Edmunds.com on Monday reported that the average manufacturer incentive per vehicle sold in the United States was $US1,939 in January 2003, down 11.3% from $2,185 in December 2002.
This data takes into account all manufacturers’ various incentives programmes, including subvented interest rates and lease programs as well as cash rebates to consumers and dealers. To assure the greatest possible accuracy, Edmunds.com bases its calculations on sales volume, including the mix of vehicle makes and models for each month, as well as on the proportion of vehicles for which each type of incentive was used.
In January 2003, the average incentives for the domestic nameplates offered by DaimlerChrysler, Ford and General Motors were $2,749, as compared to $1,829 in January 2002, an increase of over 50%. However, these manufacturers’ average incentives for January decreased 6.6% from the $2,945 average reported for December 2002.
Overall, the large sport-utility vehicle (SUV) segment experienced the greatest reduction in incentives during January, dropping 27.6% to $2,408, as compared to December when large SUVs, with an average of $3,325 per vehicle, had the highest incentives of any vehicle segment. As a result, the large car segment moved into that unfortunate position, with total January incentives of $3,280 per unit.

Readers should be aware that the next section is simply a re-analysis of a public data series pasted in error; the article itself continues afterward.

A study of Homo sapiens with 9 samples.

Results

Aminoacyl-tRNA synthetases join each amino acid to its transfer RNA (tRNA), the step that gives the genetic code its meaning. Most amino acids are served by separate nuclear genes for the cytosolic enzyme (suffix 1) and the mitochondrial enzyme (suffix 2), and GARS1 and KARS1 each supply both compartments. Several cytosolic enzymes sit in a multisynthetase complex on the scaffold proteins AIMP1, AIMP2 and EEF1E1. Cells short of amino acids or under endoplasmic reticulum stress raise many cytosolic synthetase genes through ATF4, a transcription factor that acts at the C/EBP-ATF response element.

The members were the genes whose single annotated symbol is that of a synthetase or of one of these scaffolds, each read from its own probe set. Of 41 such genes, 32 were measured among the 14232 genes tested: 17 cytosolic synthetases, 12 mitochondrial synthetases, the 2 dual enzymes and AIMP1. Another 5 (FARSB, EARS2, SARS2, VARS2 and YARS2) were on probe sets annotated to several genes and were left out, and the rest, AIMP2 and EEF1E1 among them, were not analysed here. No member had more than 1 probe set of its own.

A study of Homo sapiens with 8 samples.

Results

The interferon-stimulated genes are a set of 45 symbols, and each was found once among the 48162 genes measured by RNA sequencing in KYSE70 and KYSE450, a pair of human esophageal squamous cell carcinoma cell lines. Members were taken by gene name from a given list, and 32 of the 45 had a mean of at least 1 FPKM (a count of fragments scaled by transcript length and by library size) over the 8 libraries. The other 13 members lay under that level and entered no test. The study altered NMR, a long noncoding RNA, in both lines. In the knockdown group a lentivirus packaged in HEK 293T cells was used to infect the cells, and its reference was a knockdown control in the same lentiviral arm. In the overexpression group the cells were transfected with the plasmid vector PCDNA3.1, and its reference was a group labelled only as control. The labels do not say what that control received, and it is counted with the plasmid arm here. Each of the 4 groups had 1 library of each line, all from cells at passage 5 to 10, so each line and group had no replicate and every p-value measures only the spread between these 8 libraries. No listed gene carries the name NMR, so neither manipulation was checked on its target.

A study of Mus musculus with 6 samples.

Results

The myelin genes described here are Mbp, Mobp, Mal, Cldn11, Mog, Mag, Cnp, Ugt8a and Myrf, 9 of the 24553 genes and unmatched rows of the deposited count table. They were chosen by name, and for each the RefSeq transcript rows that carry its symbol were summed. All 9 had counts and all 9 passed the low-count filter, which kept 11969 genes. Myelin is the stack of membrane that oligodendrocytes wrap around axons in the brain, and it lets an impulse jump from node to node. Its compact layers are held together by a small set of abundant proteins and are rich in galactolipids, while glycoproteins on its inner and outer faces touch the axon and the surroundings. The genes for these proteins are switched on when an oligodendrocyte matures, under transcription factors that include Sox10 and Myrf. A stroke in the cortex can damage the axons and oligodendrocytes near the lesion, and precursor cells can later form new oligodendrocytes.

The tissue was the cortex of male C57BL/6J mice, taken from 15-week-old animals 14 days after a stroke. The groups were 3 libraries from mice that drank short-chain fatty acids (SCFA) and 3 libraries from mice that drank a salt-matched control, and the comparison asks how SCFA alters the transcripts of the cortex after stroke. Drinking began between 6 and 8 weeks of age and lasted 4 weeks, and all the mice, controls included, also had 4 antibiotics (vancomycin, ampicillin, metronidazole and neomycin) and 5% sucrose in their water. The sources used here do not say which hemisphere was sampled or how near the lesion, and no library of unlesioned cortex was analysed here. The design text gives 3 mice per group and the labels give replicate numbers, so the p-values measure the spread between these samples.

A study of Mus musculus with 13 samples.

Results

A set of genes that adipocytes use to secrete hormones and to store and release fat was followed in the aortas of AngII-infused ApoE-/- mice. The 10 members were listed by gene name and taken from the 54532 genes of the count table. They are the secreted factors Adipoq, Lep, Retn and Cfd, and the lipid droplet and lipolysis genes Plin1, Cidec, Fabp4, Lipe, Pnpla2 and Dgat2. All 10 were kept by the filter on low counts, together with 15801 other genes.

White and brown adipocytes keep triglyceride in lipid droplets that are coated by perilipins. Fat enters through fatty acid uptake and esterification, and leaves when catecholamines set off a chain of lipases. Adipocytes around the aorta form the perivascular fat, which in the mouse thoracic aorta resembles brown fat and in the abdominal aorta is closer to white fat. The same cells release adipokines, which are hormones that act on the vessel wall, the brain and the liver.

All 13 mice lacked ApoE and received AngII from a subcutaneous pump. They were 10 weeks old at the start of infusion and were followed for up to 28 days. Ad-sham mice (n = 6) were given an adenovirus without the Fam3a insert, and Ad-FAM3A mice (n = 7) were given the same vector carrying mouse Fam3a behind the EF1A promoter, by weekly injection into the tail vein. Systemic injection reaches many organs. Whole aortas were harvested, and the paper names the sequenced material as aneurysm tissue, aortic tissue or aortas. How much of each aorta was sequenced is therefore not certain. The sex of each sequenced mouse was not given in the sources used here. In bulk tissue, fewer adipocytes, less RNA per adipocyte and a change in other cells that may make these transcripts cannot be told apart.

The compact car segment experienced the largest increase from December 2002 to January 2003, with average incentives rising 13.2% from $1,185 to $1,342.
“Correlating sales volumes and incentives data, we see that the market share for compact and midsize cars increased when the incentives were high, while the market share for compact SUVs and compact pickups increased even though the incentives being offered decreased,” said Dr. Jane Liu, executive director of data analysis for Edmunds.com. “This indicates that incentives, while costing the automakers a sizable amount, only drive sales to a limited degree, as people strongly consider other factors when making automotive purchases.”